Cho strives to break the mold in operating and managing the nation’s biggest utility
Korea Electric Power Corp. (KEPCO) has launched a companywide campaign to get rid of 14 “authoritarian remnants” of its role as a public entity, designated by the company in a bid to change its corporate culture into a “speedy, open, and soft one.”
KEPCO’s so-called 14 commandments are comprised of two tasks to be translated into action, each from seven categories °™ daily life, language etiquette, dining together, reporting/authorization, leaving the office/vacation, conferencing, and ceremony/liaison. They were selected through a public contest.
For instance, each employee is required to prepare tea or coffee on his or her own, not to have reports tassled or decorated luxuriously, and to minimize ceremonial entourages.
“Change” and “communication” were KEPCO President Cho Hwan-eik’s business buzzwords in his New Year’s message delivered at the KEPCO head office on Jan. 2.
KEPCO President Cho Hwan-eik attends a ceremony to launch a companywide campaign against “high-handed attitudes.”
Cho said, “I’ll strive to reinvent KEPCO’s corporate culture by transforming what is a propensity for formalism and authoritarianism that have pervaded for a long time.” He continued, “While in office for about three weeks, I’ve found a deep-rooted presence of formalism and authoritarianism, and I expect executives and staff to work toward a shift in our corporate culture and working atmosphere.” He urged his executives and staff to make their working atmosphere a more flexible and freer one, unless working disciplines and guidelines are undermined.
He also stressed the need for strengthening communication with the outside to present the true picture of KEPCO.
Cho enumerated the tasks his executives and staff have to carry out during this year: stabilizing supply and demand, ensuring a stable supply of electricity, and improving financial conditions such as electricity price hikes.
When it comes to breaking the mold of operation and management, KEPCO President Cho has shown a tendency to be unlike his predecessors, Kim Joong-kyum and Kim Ssang-su, who have since taken the helm at Hyundai E&C and LG Electronics, respectively. The former presidents had a face-to-face confrontation with the government, particularly the Ministry of Knowledge Economy (MKE), over the scope of electricity price hikes.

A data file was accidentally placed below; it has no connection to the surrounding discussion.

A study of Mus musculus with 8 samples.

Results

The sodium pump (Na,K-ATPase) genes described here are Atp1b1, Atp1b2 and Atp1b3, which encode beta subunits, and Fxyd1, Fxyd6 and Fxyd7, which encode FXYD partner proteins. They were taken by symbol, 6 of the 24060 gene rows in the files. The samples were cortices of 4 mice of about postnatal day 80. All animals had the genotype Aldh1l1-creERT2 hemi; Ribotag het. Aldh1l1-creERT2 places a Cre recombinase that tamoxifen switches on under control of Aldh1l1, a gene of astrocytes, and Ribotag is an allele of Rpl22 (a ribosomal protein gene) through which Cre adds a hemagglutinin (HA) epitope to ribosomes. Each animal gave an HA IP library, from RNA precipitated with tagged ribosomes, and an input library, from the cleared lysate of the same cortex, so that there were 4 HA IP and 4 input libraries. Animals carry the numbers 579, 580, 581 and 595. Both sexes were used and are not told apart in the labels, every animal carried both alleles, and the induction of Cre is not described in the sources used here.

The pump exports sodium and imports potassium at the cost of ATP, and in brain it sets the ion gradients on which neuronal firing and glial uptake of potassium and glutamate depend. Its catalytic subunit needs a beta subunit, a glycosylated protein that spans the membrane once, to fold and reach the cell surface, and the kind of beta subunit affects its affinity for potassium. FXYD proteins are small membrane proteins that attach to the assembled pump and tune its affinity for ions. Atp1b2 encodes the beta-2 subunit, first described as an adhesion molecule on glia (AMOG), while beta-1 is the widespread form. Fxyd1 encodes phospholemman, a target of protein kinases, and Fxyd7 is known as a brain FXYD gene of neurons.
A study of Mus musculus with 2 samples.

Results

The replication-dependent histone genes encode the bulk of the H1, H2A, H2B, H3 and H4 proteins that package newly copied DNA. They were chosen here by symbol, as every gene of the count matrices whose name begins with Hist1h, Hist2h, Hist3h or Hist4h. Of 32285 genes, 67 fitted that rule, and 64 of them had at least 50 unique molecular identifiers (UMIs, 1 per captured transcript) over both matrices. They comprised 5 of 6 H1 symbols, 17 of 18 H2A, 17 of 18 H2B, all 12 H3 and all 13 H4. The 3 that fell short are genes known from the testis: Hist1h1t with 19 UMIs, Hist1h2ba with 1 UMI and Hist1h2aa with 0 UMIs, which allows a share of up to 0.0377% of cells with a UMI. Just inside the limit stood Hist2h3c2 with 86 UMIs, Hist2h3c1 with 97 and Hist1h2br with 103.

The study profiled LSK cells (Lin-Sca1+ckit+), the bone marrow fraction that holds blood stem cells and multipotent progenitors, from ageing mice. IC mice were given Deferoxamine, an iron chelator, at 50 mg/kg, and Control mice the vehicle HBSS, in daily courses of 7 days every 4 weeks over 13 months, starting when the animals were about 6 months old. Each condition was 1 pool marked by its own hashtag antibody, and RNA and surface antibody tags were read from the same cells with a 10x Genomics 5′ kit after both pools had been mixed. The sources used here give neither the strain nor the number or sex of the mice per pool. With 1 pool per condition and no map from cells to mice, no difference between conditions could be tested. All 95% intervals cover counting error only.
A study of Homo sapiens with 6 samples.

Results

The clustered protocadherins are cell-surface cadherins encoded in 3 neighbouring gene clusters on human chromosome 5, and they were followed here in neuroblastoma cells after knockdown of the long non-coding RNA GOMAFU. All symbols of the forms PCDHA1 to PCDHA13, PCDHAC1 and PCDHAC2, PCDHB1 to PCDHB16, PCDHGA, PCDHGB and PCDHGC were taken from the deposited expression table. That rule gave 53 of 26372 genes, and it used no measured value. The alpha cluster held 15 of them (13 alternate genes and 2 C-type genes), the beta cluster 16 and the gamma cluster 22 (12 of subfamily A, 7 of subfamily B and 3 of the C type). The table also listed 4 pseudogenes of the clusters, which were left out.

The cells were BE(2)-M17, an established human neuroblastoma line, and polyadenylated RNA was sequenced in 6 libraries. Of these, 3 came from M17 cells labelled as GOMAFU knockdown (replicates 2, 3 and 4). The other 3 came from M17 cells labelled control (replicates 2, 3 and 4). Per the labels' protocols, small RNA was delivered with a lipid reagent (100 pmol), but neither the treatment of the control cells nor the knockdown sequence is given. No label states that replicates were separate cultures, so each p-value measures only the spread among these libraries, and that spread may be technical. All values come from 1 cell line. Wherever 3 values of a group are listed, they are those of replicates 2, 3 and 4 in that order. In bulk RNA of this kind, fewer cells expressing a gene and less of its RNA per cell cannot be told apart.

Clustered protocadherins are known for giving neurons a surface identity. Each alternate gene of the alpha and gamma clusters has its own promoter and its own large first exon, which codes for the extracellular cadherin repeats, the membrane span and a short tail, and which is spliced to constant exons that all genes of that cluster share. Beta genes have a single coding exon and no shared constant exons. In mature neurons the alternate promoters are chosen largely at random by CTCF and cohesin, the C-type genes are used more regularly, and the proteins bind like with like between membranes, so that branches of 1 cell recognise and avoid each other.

Cho, a former KOTRA president, took office as the 19th president of KEPCO on Dec. 17. He was a seasoned government official versed in the trade and industry fields, holding such government positions as the vice minister of the Ministry of Commerce, Industry and Energy (MOTIE), the predecessor of the MKE.
Cho apparently favors a more flexible working environment in which his executives and staff are encouraged to make commuting times more flexible and instead focus on enhancing performances. He also opened the elevator currently for the exclusive use of management and VIPs to all staff members.
In an effort to put an end to the vertical communication between KEPCO and its subsidiary power companies, Cho himself asked power company CEOs to not partake in his inauguration ceremony. He also held a meeting with power company CEOs at the Korea East-West Power Co., departing from the conventional precedent of a call-up at the KEPCO headquarters.
Meanwhile, Cho said in his inaugural speech, “KEPCO will be committed to preserving its core value of ensuring a stable supply of electricity, and KEPCO will do its utmost to do as much as possible.”
Cho said he believes that more weight should be given to electricity as a public good, but stressed the public interests of public goods would dent the operation of businesses, so there is a need for balanced management by targeting its public value and also reflecting its corporate aspects.
He said that reform can be made only when an organization accepts it and reinvents itself on its own. Cho said KEPCO is not the target of liquidation, and he will perform his duties with a loving heart toward KEPCO as its CEO. The new president said he will knock down the pending issues one by one after repositioning manpower in proper positions and taking an in-depth look at the reality and the current situation.
Cho stressed the importance of communication, adding that building confidence with the inside and outside of his company is badly needed. He emphasized not only two-way internal communication, but also active communication with the outside °™ customers, the government, shareholders, and the news media.
He appealed for his executives and staff to regain the pride and luster of KEPCO in the electricity industry after setting “Again KEPCO” as the future course, which he said means going “back to the future” in a sense.